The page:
It was a four-day weekend here in Korea, in honour of Children's Day and Buddha's Birthday, and I spent it in Seoul with friends. After our trip to Tokyo (a vibrant, colourful blur) I was a bit tired and was sorely tempted to stay home, watch TV and decompress. Fortunately I didn't, and those three days away were exactly the kind of break I needed.
Since I'm living in Korea for a year, I knew I'd probably be going back to Seoul a few more times and that took the pressure off. There was no rushing around trying to get everything checked off the bucket list. There was no agonizing over where to go and how much time to spend there. There was no real stress of any kind, except for the last mad dash to the train station and boarding the train back to Busan with two minutes to spare.
Instead, there were long talks about life on the sundrenched four hour train ride there and back. There was meandering down the streets of bustling shopping districts eating street food and ice cream. There was delicious food – Korean and Mexican in the same day. There was an afternoon spent roaming the grounds of a gorgeous palace. There was a full day spent with a girl I met while travelling alone through Madrid so many months ago. She showed us around her favourite parts of Seoul, took us for some of the best Korean food I've ever had, and happily, we got along as well as we had in Spain during the few days we spent together then.
And there was more! I had my birth chart read by a local tarot card reader. We hid from the rain in a cafe bordering the stream that cuts through downtown Seoul and drank hot sweet tea. I had iced mochaccinos every morning and soju mixed with Sprite in plastic cups every night. We wandered around the university district enjoying its lively energy, watching people boxing and others playing music side-by-side in the little park in the middle of it all. There were so many times we laughed until we cried.
I came home feeling recharged, not drained. I felt (and still feel!) blissed out and happy, alive and connected. It reminded me of how incredibly lucky I am to have this opportunity to live and work in another country, and to explore and experience such amazing parts of the world. It also reminded me not to take any of it for granted. Life is good.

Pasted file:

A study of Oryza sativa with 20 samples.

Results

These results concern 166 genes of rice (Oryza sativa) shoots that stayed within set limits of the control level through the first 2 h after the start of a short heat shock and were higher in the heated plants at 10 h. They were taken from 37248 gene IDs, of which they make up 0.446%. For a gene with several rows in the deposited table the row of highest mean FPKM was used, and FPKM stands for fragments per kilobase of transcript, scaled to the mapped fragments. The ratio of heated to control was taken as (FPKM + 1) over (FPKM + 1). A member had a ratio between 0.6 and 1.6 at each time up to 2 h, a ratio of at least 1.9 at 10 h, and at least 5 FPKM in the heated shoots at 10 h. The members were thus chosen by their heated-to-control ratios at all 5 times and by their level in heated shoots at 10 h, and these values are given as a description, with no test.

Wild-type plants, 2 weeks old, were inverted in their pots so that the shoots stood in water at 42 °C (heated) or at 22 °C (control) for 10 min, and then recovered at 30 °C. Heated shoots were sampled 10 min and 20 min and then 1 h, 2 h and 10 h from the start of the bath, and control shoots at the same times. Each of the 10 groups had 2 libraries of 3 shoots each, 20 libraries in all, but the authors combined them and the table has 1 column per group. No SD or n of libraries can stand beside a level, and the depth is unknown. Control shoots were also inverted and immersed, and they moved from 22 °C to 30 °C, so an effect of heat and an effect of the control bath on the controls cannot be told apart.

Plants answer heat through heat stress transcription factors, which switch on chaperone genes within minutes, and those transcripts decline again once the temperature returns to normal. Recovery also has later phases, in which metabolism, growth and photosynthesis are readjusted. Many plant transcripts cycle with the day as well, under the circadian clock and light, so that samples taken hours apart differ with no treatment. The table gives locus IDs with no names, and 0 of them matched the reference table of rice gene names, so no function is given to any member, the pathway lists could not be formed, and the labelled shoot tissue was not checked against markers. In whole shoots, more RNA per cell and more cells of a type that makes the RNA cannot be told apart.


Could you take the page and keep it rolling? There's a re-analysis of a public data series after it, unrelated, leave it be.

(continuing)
- Juno Guesthouse: While the facilities were nothing to write home about, it was in a quiet area and very close to a subway stop on one of the major train lines. But most of all, it had an absolutely incredible welcoming committee: a beautiful little Korean Jindo dog that brightened our day every time we left or came back to the hostel.
- Vatos Urban Tacos: This restaurant in Itaewon made us feel immediately like we weren't in Korea anymore. Not that there's anything wrong with Korea, but it just made us feel transported to somewhere completely different. Amazing margaritas, perfect tacos, delicious salsa, some queso dip – we were in heaven.
- Ssamziegil (in Insadong): We all agreed that walking through this shopping area (shown in the fifth picture from the top) felt like walking through Etsy brought to life. There were tons of stores selling adorable handmade or unique things like jewelry, stationery, and soaps.
- Gwanghwamun Square: A gorgeous, open plaza leading to the gates of the Gyeongbokgung palace (another of our favourites). It's right in the middle of Seoul, framed by mountains behind, and is positively gorgeous.